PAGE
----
French luxury giant LVMH said Friday that it had reached agreement to buy upscale hotel group Belmond, whose properties include the Copacabana Palace in Rio de Janeiro and Cipriani in Venice, in a transaction worth $3.2 billion (2.8 billion euros).
The Copacabana Palace in Rio de Janeiro. (Photo: VCG)
LVMH said it would acquire Belmond for $25.00 per class A share in cash. That represents a premium of 42 percent over their closing value of $17.65 on the NY Stock Exchange on Thursday.
The equity value of the transaction comes in at $2.6 billion, but LVMH put the enterprise value, a measure which includes debt and preferred shares, at $3.2 billion.
The firms said they expect the transaction to be completed in the first half of next year, subject to approval by Belmond's shareholders and approval by the relevant competition authorities.
Belmond began over 40 years ago with the acquisition of Hotel Cipriani in Venice. It now owns and operates a collection of high-end hotels around the world as well as offering rail and river cruises.
"This acquisition will significantly increase LVMH's presence in the ultimate hospitality world," said LVMH's chief executive Bernard Arnault.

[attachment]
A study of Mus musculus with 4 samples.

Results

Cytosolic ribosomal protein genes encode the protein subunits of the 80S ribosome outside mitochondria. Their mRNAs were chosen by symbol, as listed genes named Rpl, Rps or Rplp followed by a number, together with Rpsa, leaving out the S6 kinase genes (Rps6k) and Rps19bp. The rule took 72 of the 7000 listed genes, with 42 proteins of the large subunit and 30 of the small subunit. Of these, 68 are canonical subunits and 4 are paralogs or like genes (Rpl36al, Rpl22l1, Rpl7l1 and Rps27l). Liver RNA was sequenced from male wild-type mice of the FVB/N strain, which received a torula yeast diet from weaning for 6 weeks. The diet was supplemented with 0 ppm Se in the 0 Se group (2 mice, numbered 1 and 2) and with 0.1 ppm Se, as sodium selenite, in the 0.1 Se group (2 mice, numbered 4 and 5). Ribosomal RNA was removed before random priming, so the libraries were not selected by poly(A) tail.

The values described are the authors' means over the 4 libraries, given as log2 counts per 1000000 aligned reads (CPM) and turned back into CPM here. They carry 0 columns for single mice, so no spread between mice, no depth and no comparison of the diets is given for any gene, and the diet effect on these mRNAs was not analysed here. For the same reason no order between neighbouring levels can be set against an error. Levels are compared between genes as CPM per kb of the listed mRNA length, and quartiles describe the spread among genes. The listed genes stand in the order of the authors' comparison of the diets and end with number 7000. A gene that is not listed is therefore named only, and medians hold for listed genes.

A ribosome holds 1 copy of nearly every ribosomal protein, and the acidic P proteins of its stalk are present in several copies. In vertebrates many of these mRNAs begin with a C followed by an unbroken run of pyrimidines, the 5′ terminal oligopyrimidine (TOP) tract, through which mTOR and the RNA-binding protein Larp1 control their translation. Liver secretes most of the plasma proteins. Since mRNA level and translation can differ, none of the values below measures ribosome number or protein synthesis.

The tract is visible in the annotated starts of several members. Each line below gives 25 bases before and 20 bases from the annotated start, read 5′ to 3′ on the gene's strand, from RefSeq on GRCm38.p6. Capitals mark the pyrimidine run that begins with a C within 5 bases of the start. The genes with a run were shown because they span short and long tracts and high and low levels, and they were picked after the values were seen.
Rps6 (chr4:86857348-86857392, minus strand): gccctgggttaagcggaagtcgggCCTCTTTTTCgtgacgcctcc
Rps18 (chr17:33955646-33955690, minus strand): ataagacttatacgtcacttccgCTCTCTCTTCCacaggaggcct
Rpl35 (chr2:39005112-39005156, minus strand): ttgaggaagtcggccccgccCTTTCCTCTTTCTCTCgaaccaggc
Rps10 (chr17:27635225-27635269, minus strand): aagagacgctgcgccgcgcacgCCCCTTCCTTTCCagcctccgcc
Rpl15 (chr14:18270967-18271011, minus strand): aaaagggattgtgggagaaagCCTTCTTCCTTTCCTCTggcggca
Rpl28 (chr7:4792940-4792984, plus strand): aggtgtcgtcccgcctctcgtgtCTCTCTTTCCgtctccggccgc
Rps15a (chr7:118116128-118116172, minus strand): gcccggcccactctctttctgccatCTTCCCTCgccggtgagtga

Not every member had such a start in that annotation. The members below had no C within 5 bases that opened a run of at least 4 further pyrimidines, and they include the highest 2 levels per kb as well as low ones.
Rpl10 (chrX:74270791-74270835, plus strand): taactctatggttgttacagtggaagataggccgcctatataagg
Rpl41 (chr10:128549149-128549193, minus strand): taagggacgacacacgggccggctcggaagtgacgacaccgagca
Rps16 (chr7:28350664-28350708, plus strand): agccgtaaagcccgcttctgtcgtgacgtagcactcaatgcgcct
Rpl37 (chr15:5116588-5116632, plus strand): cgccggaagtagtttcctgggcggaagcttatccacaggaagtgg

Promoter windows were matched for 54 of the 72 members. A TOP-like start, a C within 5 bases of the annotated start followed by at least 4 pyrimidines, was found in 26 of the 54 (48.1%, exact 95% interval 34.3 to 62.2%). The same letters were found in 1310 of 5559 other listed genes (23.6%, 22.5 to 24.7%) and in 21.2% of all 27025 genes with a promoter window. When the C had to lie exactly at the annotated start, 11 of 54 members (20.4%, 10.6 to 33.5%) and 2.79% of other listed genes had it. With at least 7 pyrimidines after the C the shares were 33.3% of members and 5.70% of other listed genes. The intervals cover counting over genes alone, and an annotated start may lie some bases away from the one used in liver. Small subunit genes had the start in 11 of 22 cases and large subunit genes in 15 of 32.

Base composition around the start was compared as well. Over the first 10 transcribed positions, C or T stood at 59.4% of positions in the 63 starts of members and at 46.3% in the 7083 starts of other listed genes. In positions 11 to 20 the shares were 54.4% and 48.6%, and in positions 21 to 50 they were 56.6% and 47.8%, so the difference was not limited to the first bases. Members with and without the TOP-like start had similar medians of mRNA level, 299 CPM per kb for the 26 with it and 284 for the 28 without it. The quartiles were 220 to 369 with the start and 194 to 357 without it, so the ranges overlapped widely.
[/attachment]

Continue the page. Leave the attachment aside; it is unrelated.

"Belmond delivers unique experiences to discerning travellers and owns a number of exceptional assets in the most desirable destinations," he added.
The Bermuda-registered group earned an operating profit of $140 million on revenues of $572 million in the twelve months ended September 30, 2018.
"Following a strategic review... the Board has concluded that this transaction with LVMH provides compelling and certain value for our shareholders as well as an exciting path forward with a group that appreciates Belmond's irreplaceable assets and strong management team."
LVMH shares fell by over two percent in early trading on the Paris stock exchange, although they later recovered partially.
The price of the acquisition "could seem high", said analysts at Invest Securities.
However, the "the purpose of the operation should be evaluated in terms of the advantage of upscale hotels as part of the wider luxury sector in order to satisfy the new class of billionaires whose demands are getting more exigent," they said.